Christmas is now on our door step and the New Year is well on its way. This month I have taken the opportunity to reflect on the developments we have seen in the law over the last year and what we might expect in the years to come.
In January, we saw the Government lay down its 25 year environmental plan and with it the introduction of the Northern Forest Scheme and the potential for landowners and farmers to be incentivised to plant trees in order to meet the target of planting 11 million in the 25 year period. If such a plan is delivered, we will see a belt of trees across the north of the country by 2043.
The Residence Nil Rate Band (“RNRB”) which was introduced in 2017, has become firmly established this year and has certainly assisted those who may otherwise have been required to pay Inheritance Tax. The RNRB is an additional relief which can reduce the Inheritance Tax payable on your death providing you leave your home to a direct descendant, such as a child. The maximum RNRB available on an individual’s death is currently £125,000 and next April this will increase to £150,000.
Further good news in respect of Inheritance Tax came in the case of Vigne v HMRC. Here we saw the executors of the estate successfully claim Business Property Relief (“BPR”) on a livery. BPR is an Inheritance Tax relief available at a rate of up to 100% on a trading business. BPR is not available on investment businesses and therefore traditionally is not available on liveries although in the Upper Tribunal it was found this was possible on the Vigne fa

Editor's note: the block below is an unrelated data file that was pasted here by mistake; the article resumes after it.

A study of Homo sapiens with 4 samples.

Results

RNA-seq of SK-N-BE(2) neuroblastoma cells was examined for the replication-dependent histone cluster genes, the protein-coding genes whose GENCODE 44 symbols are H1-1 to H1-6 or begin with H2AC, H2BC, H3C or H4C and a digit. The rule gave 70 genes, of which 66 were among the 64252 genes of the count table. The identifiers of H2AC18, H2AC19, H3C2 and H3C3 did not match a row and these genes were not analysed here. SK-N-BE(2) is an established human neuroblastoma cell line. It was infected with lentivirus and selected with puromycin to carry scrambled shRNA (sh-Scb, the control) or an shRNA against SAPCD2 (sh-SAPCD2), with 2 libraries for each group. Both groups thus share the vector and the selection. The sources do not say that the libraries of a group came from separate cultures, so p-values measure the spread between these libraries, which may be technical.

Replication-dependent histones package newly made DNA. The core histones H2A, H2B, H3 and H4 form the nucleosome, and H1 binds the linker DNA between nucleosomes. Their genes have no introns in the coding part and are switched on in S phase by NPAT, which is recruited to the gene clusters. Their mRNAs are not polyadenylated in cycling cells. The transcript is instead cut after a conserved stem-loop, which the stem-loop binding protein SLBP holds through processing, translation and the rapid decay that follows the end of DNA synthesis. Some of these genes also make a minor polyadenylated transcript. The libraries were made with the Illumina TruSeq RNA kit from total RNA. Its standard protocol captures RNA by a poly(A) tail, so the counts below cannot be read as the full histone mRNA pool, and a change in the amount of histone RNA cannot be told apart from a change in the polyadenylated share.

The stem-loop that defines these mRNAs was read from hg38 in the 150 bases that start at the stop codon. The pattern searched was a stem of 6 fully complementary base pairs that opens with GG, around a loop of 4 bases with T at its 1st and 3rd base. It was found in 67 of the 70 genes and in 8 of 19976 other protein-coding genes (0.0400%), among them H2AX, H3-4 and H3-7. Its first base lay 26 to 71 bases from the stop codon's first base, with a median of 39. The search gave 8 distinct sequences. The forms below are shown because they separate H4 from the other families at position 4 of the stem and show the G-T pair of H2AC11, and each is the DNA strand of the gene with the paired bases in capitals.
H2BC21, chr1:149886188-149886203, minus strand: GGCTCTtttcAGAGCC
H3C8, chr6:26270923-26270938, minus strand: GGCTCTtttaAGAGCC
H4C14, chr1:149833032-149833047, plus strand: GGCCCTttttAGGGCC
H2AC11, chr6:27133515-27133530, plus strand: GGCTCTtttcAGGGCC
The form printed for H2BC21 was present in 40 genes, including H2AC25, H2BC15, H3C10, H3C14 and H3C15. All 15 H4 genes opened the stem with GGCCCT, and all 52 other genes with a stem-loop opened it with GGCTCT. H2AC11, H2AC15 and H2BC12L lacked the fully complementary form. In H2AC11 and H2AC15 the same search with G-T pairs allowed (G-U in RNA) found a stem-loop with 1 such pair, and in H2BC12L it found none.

In 2018 we have seen a number of cases work their way through the Courts. These include disputes between unmarried couples about the ownership of the farm (Dobson v Grifey), claims on farming businesses where an individual does not believe they have received what they have been promised (Thompson v Thompson) and disputes between those farming in partnership (Wild v Wild). The common theme arising in each of these cases is the importance of a Partnership Agreement, succession planning and the need for clarity regarding the ownership of business assets.
In November, we saw the Office of Tax Simplification publish its first report on its review of Inheritance Tax commissioned by the Government earlier in the year. As I reported last month, we have also seen proposals from the Government to increase the fee for obtaining a Grant of Representation. It will be 2019 before I can tell you the outcome of these reports and proposals although all indications are that the fee will increase in April 2019. As we wait for the news to come, I will therefore sign out but not without taking this opportunity to wish you a very Merry Christmas and a Happy New Year.
At Hay & Kilner, our specialist advisers in our Rural Team have extensive experience in advising land and farm business owners about the complexities of Inheritance Tax, APR and BPR to ensure all reliefs and exemptions available on death are captured as much as possible.
For more information on any of the above, or how we can help your business, please contact Alison Hall, or call 0191 232 8345.